BEIRUT, Oct 08, 2014 (AFP) - Jihadists from the Islamic State group withdrew from some parts of the embattled Syrian town of Kobane overnight after air strikes by a US-led coalition, a monitor said Wednesday.
Rami Abdel Rahman, director of the Syrian Observatory for Human Rights, said "fighters from the Islamic State withdrew overnight from several areas in the east of Ain al-Arab (Kobane) and the southwestern edges."
After the pullback, the group's fighters were present in eastern parts of the strategic town and its southern edges, but were no longer inside on the western front, Abdel Rahman said.
He said the move came after "their rear positions were hit in strikes, causing casualties and damaging at least four of their vehicles."
IS fighters entered Kobane, also known as Ain al-Arab, on Monday night, after nearly three weeks of fighting around the town on the Syria-Turkey border.
On Tuesday, fighting raged in the east, west and south of Kobane, which is Syria's third biggest Kurdish town, and a US-led coalition fighting IS carried out multiple air strikes around the town.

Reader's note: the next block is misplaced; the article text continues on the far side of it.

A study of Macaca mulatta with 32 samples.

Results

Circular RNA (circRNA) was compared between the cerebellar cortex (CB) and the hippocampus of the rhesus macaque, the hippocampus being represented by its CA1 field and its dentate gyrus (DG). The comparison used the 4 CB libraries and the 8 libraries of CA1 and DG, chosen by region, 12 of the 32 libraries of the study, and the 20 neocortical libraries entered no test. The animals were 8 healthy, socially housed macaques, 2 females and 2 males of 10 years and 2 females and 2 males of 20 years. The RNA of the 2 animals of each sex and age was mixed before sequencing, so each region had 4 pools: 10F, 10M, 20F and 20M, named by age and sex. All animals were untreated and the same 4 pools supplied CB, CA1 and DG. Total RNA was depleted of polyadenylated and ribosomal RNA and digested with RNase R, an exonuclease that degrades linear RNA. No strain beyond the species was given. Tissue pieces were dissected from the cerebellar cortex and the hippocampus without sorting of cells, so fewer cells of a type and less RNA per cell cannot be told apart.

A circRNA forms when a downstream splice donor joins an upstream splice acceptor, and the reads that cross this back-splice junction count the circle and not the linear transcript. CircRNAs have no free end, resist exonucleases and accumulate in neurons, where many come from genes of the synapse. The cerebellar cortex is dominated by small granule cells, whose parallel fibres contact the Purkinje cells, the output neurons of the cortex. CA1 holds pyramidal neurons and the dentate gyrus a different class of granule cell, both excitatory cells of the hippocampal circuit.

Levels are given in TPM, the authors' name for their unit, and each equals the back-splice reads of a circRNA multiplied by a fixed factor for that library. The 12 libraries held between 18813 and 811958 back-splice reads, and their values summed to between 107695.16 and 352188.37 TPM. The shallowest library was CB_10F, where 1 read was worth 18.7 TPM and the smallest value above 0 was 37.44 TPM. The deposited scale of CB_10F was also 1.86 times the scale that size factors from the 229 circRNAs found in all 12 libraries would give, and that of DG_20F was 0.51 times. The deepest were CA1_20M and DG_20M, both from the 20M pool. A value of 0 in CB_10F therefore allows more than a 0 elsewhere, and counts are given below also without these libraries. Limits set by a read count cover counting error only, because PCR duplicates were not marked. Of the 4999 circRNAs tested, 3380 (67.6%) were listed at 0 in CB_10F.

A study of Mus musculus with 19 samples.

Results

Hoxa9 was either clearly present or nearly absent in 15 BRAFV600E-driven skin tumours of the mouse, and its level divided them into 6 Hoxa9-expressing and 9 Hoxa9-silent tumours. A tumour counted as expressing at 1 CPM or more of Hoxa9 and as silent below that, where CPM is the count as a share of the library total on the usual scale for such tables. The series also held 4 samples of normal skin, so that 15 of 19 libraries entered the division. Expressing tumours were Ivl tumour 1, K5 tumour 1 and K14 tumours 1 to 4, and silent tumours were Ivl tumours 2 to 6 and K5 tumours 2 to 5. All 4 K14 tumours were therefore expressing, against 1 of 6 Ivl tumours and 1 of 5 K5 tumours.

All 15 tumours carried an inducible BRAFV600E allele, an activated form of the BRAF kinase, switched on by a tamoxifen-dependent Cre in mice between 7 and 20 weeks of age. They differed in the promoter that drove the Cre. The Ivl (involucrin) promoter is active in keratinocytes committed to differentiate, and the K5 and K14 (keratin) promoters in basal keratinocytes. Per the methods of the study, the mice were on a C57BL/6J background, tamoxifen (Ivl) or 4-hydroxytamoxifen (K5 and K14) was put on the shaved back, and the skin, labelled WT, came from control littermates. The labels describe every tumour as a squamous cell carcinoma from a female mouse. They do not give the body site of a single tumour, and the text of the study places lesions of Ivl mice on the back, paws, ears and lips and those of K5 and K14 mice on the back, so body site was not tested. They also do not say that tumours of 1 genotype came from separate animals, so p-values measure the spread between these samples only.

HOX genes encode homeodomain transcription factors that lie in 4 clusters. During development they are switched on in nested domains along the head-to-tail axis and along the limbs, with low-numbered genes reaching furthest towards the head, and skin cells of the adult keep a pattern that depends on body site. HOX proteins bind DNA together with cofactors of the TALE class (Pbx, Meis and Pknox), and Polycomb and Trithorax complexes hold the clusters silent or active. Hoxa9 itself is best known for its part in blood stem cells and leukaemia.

Mustafa Ebdi, a Kurdish journalist and activist from Kobane, wrote on his Facebook page that "the streets of the Maqtala neighbourhood in southeastern Kobane are full of the bodies of Daesh fighters," using the Arabic acronym for IS.
But he added that hundreds of civilians remained in the town and "the humanitarian situation is difficult and people need food and water."
IS began its advance on Kobane on September 16, quickly sweeping through the surrounding countryside and prompting an estimated 186,000 people to flee the region across the border into Turkey.
According to the Observatory, at least 412 people have been killed in the fighting, though the group said it believes the true toll could be twice as high.